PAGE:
Photo: Billy Napier; Credit Zach Goodall
When the Gators handed Billy Napier the program’s reins in late 2021, administration, alumni and fans expressed lofty expectations regarding Florida’s footprint on the recruiting trail.
He inherited a broken system that had fallen behind the curve in luring top-rated prospects to compete with the premier programs in the Southeastern Conference. That necessary fix arguably loomed larger than his on-field success. Napier cautioned the fanbase; as a result, asking for patience as he and his staff implemented their process.
“The old adage — plan your work and work your plan,” Napier said during his media availability on Monday. “We talked about that early on. We’re going to plan our work, work our plan. We’re going to be diligent. Be consistent.”
Then, he went to work.
Florida, first, pieced together a serviceable transition class by keeping a bevy of previously committed players on board, plucking Naples (Fla.) defensive back Devin Moore away from his pledge to Notre Dame, rekindling the spark for Florida in former linebacker commit Shemar James’ eyes and making a flashy late push for IMG Academy safety Kamari Wilson all before the early signing period.
Then, the Gators put an exclamation point on what seemed to be a lost cycle just a short time prior by signing nine more players on National Signing Day in February.
Napier leaned on the product Florida has to offer prospects as his reasoning for choosing the Gators for his first big-time head coaching opportunity. It’s evident he’s genuine when pitching UF to prospects.
“I think we have an incredible product to sell at the University of Florida and all that comes with that. There’s history here. There’s tradition here, there’s an elite education and experience here. We have an alumni network that can help position our players for success when football’s over. We have one of the best game days if not the best gamely venue in all of sports. I think we’ve got a prime location.”
The beginning of the 2023 cycle tested the patience he called for, with the Gators arriving late to forge crucial relationships with top talent and those close to them compared to other more established coaching staff’s.
Heading into the summer, Florida held just five commits in wide receivers Creed Whittemore and Tyree Pattersondefensive back Aaron Gates and offensive linemen Kniejah Harris and Bryce Lovett. Frustration began to build from the fanbase as the ineffectiveness of the previous regime remained intact.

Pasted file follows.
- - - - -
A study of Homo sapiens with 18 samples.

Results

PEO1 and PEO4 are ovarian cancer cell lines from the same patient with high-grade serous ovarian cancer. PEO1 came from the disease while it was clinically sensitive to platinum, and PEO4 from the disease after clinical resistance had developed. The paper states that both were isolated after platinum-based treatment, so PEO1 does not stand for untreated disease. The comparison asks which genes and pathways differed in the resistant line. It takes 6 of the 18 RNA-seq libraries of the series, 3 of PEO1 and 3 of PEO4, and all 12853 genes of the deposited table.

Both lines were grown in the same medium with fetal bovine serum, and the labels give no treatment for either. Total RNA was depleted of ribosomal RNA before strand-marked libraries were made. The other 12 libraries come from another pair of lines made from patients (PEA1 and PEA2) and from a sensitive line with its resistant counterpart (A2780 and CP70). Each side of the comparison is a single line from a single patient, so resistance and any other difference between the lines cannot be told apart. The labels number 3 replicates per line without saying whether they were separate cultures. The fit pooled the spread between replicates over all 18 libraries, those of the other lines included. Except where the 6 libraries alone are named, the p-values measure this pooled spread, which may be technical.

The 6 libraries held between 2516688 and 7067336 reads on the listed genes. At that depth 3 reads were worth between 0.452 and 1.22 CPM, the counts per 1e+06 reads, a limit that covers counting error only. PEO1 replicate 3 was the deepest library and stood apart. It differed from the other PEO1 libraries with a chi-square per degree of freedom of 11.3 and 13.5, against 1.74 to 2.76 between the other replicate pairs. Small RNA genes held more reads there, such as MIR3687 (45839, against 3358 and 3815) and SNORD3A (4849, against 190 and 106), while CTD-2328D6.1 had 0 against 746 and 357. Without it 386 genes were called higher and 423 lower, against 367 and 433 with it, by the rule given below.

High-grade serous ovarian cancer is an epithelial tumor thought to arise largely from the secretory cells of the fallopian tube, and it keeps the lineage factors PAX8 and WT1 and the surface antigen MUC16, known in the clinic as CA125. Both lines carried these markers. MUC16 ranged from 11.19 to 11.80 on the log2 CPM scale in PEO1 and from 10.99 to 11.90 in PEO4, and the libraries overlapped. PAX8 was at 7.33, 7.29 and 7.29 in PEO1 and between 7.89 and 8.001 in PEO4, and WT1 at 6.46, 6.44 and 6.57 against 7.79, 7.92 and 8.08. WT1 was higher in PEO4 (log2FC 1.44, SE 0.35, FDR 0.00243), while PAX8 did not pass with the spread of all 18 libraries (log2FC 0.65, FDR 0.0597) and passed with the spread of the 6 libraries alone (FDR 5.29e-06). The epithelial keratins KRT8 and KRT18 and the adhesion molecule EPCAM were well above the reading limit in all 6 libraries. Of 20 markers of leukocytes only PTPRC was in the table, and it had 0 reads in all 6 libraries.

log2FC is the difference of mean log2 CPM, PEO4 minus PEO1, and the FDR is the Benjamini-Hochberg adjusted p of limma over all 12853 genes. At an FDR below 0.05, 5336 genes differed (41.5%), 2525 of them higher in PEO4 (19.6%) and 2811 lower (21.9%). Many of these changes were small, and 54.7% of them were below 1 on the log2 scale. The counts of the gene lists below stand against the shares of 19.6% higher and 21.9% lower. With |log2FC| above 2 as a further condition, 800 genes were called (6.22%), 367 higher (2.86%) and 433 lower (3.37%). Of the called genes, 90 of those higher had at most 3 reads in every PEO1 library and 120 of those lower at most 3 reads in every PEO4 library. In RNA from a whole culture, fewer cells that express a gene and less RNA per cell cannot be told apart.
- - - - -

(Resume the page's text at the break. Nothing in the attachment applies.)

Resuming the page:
However, as Napier and his cohorts use the process more, they become more familiar with how it works.
“We’re learning more about our product. I think we’re getting more comfortable with our processes in-house,” he said.
A large part of that crucial formula is anchoring their classes with talents from the state of Florida that understand what it means to suit up for UF before working outside for must-have prospects in their mind.
“I think that, just look at the research — the numbers tell the story. We’re big into history. History is the best indicator of the future. It’s one of the reasons why this is one of the elite, iconic jobs in all of college football — player proximity. I think the inside-outside approach in recruiting – not to say we’re not going to nationally recruit – but we’re going to do a very thorough job of evaluating the personnel inside-out.”
With 16 members of the class hailing from The Sunshine State, they’re well on their way to achieving that goal. In addition, they will look to take advantage of what Napier deemed “the right time” for hauling in legacy target commitments consistently, the way he did with Woodward Academy (Atlanta, Ga.) 2024 linebacker prospect Myles Graham.
“I was joking around with somebody the other day. I said, ‘We might just be hitting this thing at the right time,'” Napier recalled. “If you backtrack to Spurrier’s days, all those guys are growing up. They have kids running around. Hopefully, they’ll be more of those to come.”
Those former Gator greats are starting to take notice of the efficiency with which the staff is operating to the point of entrusting their children’s academic, athletic and personal development.
Current players have also seen the shift. Namely paying attention to the progress is a current starter who has a brother committed in the class of 2023.
“I think this staff has just shown a real commitment to recruiting and that’s what it takes, is to go out there and pursue kids throughout the year and they are doing that so far and it’s really paying off,” current Gators wide receiver Trent Whittemore said about the escalating production and momentum.
Now, the staff will attempt to take the next step in the talent-acquisition department by pulling in the elite, program-altering prospects. Florida is currently in the mix for two of the top three prospects in the nation, according to SI All-American’s SI99.
Longtime Gators defensive back target Cormani McClain and newly available edge rusher Keon Keeley are the pieces needed to expedite the process formed by Napier and Co. to return to national prominence. Both of whom fall into the category of in-state prospects.
The days of limited football recruiting efforts to a season are officially over at Florida. Thus, so is its non-existent presence on the trail.
“I think what you’re seeing here is the Gators aren’t going away on the recruiting trail.”